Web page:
FAQ Regulatory Requirements for Wireless Power Transfer (WPT)
WPT Wireless power transfer may one day become as common as wireless communication. Understanding the regulatory framework for WPT devices to help product designers and quality assurance managers ensure regulatory compliance is critical.
WPT (Wireless power transfer) has an exciting range of use cases, from electric vehicles to hearing aids to industrial applications—our whitepaper highlights in further detail where this innovative technology may lead us in the future. However, to get to market, manufacturers of WPT devices must overcome challenging hurdles around the world like contradictory categorization systems for radio frequency and electromagnetic compatibility regulations.
How can we help you with navigating regulatory requirements for Wireless Power Transfer (WPT)?
Our industry expert Steve Hayes can help ensure that your products, services, and solutions meet all relevant, internationally recognized connectivity and interoperability standards by answering some of the most frequently asked questions in our latest webinar.
FAQ on WPT Wireless Power Transfer
Is EN 303 417 harmonized under RED?
No, EN 303 417 is not harmonized under the RED. The nearest standard that could be used and is harmonized is EN 300 330.
What shall/can you do for a portable WPT operating below 4MHz regarding RF exposure when there are no standardized measurement methods regarding basic restrictions?
Modelling/simulation is an acceptable technique below 4MHz. in addition, Speag has a new probe that may also prove useful.
If a purchased module is Part 15 compliant, then integrated into a product does it require recertification?
Watch our extensive videos on module integration for FCC (and RED).
How do you see the difficulty of regulations, for WPC/close-coupled inductance, compared to power through the air/loosely coupled technology?
Close coupled WPT is an easier path from a regulatory perspective today if the system is defined as radio communication. However, if the system uses an alternate for communication such that the WPT is considered an ISM device, this would be the easier route.
What about out of band interference or stray signals?
Irrespective of how the WPT is categorized (ISM or radio), both require out of band emission testing in the spurious domain. This would be up to 6 GHz or higher.
What would be the test requirement/Standard to use for CW WPT without any coms and outside the ISM band?
If an ISM device uses a non-ISM frequency, the product would be required to meet the normal spurious emission limit for non-radio products (this would be EN 55011 Group1, Class A or B).
What potential distances have been achieved with WPT?
There are products on the US market that can achieve distances of circa 10m for ISM based WPT.
A Qi charger doing exchange of charging information such as power transfer or foreign object detection, is that considered as data transfer and then a "radio" device?
Yes, that is communication and therefore subject to the RED/RER for Europe.
What are the upper field strength limits for WPT in the U.S. for unintentional inductive (non-radiative)?
Please see the following link for information from the FCC (Federal Communication Commission) on this topic.
In FCC KDB 680106, If a WPT device works at ISM band and only transmits load modulation for power management and control, there is no communication about other information, it is okay to use Part 18?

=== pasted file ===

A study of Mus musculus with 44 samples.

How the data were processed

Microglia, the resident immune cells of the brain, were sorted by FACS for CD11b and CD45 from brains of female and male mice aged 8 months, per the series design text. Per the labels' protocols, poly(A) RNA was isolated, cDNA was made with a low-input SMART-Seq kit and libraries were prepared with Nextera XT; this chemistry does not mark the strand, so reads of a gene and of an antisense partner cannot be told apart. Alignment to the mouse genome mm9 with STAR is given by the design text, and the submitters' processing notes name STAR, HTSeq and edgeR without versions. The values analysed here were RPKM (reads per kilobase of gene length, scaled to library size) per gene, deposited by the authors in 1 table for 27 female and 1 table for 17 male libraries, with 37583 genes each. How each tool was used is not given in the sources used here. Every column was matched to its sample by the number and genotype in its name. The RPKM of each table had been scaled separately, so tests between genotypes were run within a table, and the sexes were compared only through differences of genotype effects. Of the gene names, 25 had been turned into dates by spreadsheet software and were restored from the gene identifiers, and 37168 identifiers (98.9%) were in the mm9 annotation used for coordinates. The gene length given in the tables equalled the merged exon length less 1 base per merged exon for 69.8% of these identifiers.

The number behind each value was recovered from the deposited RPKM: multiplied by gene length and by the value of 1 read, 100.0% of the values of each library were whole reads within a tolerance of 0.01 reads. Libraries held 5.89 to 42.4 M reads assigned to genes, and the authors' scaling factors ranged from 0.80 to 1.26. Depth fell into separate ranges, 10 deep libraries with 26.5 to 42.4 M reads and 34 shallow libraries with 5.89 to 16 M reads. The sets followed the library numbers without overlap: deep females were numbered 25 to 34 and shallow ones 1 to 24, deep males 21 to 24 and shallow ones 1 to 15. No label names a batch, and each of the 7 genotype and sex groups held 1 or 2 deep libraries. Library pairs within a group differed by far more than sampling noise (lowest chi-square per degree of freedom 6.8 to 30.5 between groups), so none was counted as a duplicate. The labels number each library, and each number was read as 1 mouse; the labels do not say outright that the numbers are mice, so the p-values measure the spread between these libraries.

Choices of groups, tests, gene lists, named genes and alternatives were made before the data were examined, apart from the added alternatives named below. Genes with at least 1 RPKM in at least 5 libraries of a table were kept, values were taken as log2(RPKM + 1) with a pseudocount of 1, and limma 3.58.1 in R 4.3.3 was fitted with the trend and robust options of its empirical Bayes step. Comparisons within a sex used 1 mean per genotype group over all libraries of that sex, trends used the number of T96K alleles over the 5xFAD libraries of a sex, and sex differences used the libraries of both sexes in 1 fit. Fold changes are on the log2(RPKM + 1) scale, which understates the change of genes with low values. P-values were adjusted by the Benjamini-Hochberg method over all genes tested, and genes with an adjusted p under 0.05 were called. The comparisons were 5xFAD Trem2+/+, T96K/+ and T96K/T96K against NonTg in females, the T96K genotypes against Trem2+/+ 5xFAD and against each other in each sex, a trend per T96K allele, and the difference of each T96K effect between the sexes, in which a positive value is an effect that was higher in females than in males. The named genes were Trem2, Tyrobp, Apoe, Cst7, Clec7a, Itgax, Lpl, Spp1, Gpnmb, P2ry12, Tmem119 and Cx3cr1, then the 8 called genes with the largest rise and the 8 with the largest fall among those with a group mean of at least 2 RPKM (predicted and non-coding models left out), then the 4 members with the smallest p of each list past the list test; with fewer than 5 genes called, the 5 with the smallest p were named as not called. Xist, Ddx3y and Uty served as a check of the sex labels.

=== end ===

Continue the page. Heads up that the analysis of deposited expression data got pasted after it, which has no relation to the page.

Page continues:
Yes, in the example that is mentioned Part 18 is acceptable if load modulation is the only communication between source and load.
Are there WPT technologies that are accepted world-wide?
I'm afraid the worldwide approval doesn't really exist for WPT. The nearest WPT technology that would achieve global compliance is Qi etc.
How is WPT object detection handled?
Object detection is a type of load modulation. This is allowed in the US under Part 18 (only) if the modulation is only used for battery status, rapid shutting down of system and object detection. In Europe, this is considered as communication and subject to the RED/RER.
Does a wireless phone charger product which operates in the band of about 110kHz to 200kHz require certification to EN62688-1 or any other safety standard?
A safety assessment will be required irrespective of the end application/use case. The assessment standard will be dependent on the application, but EN 62368-1 (and-3) will be one of the most common for multimedia type products.
How can I find out whether a WPT system complying with ETSI EN 303 417 can be used in the EU as the standard is not mentioned in ERC Recommendation 70-03 or e.g., the National Frequency Plan of Germany?
Where there is no harmonized standard a Notified Body (such as Element) can be consulted to help. A Type Examination is required under these circumstances which is provided by the Notified Body.
If we have a product on the 868mhz band for communication, can we dual band the device to include WPT transfer?
It is unlikely that the 868 MHz band could be used for WPT since it is a communications band. If the power from the WPT is low enough, there may be a possibility.
We are using WPT in our proposed medical device and need help to get it certified. It seems that reading one standard, leads to another standard which leads to a third standard and a rabbit hole develops. Is there a guide to reach conclusive requirements for our application?
There is a single source of truth that ensures 'old' requirements are not left in product standards. In the case of ISM WPT this standard is CISPR 11.
Do other services/applications accept interference from ISM bands?
Where communications products use ISM bands, they must accept interference in the ISM band. This is because ISM is the primary user of the band.
To find out how we can help you with your WPT wireless power transfer requirements, contact our experts today.